The Queen’s granddaughter and her husband Edoardo Mapelli Mozzi are “very pleased” to be welcoming their first child, the Palace said.
The news has brought joy to the monarch and the royal family who are mourning the loss of the Duke of Edinburgh who died last month.
The Palace said: “The Queen has been informed and both families are delighted with the news.”
Beatrice, 32, and Mr Mapelli Mozzi wed last July in a secret lockdown wedding attended by the Queen and Philip after their planned ceremony was postponed because of the pandemic.
The baby will be the Queen’s 12th great-grandchild following the arrival of the Sussexes’ second child in the summer.
Beatrice’s younger sister Princess Eugenie, to whom she is incredibly close, welcomed a baby boy, August, in February.
The sisters will be delighted to have their children so close together in age, and to share the experience of being first-time mothers.
Their cousin Zara Tindall welcomed her third child, a son Lucas, in March, while Harry, also their cousin, and Meghan, will welcome a daughter in the next few months.
Beatrice is already stepmother to Mr Mapelli Mozzi’s young son Wolfie, from his previous relationship with his ex-fiancee Dara Huang.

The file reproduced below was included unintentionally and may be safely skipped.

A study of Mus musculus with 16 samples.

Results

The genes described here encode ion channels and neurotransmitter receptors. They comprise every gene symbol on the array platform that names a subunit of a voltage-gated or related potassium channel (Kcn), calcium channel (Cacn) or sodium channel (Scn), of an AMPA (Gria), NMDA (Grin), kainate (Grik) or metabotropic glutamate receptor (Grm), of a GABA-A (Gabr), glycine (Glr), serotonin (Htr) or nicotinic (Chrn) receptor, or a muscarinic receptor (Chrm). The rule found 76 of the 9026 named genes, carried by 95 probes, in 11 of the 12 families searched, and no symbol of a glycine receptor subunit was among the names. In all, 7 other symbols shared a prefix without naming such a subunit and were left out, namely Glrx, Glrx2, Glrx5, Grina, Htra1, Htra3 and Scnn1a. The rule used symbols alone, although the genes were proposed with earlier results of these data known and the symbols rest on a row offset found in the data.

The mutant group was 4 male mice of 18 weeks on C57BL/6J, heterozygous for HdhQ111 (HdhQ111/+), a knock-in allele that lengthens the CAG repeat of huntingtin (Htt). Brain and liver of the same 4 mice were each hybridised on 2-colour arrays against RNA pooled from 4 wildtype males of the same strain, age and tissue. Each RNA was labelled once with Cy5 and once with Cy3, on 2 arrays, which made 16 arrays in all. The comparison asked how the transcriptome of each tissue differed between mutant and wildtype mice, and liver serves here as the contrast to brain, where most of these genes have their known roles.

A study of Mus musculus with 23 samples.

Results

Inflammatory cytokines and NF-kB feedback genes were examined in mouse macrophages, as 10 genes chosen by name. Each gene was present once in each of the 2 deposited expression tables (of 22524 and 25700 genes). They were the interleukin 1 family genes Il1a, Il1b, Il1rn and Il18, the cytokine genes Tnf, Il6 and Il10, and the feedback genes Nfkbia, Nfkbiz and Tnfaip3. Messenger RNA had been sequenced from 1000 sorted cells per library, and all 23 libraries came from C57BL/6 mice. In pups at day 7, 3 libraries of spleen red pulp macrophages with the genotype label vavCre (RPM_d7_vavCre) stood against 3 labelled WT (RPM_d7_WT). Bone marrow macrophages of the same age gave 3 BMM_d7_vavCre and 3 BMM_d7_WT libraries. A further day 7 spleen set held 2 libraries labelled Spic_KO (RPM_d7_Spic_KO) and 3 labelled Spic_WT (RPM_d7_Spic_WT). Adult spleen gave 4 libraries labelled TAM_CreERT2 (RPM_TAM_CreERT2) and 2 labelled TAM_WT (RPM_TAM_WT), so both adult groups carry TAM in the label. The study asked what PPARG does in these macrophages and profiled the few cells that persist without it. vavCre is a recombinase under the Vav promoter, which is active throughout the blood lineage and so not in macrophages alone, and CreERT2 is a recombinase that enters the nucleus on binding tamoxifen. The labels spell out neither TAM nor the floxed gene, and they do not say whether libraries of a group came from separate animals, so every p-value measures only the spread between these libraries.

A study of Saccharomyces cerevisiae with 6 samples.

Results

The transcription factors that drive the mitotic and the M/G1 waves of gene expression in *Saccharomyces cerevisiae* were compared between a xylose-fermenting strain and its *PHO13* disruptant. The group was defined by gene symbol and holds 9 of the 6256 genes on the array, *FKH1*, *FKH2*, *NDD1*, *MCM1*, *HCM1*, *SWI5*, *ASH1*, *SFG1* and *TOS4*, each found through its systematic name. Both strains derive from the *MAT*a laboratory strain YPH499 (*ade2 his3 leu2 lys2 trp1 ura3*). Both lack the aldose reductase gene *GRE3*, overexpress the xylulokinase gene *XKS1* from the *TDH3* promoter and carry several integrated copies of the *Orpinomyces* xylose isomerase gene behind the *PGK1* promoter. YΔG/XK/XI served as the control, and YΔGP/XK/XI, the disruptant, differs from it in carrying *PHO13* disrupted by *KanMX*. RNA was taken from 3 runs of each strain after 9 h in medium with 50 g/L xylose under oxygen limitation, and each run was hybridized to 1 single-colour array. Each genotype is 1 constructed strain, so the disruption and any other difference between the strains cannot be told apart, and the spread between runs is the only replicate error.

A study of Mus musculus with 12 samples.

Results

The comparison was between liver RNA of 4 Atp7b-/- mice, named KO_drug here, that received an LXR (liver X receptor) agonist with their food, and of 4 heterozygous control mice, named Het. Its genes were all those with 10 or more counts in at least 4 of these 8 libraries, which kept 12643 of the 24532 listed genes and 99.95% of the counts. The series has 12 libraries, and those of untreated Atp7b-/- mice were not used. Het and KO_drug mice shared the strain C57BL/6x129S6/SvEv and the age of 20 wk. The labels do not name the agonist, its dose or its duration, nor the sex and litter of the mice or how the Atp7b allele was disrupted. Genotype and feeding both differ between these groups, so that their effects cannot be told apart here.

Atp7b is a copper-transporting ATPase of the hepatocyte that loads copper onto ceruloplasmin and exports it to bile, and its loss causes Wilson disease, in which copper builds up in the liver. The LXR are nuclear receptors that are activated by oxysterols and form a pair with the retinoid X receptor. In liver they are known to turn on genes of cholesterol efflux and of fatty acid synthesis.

Known as Edo, Mr Mapelli Mozzi is a millionaire property tycoon and the son of former Olympic skier Count Alessandro Mapelli Mozzi and Nikki Williams-Ellis.
Beatrice was last seen at a royal event at the funeral of her grandfather Philip on April 17 wearing a mask and belted black coat, as the Windsors gathered for a socially distanced final farewell to the royal patriarch.
The princess is the eldest daughter of the Duke of York and Sarah, Duchess of York.
Ninth in line to the throne, she will move to 10th place when the Sussexes’ baby arrives.
The princess’s son or daughter will be 11th in line to the throne.
Beatrice is not a full-time working royal and is vice president of partnerships and strategy at Afiniti, an artificial intelligence software firm.
She has a number of royal patronages including the Forget Me Not Children’s Hospice, the Teenage Cancer Trust and the Helen Arkell Dyslexia Centre.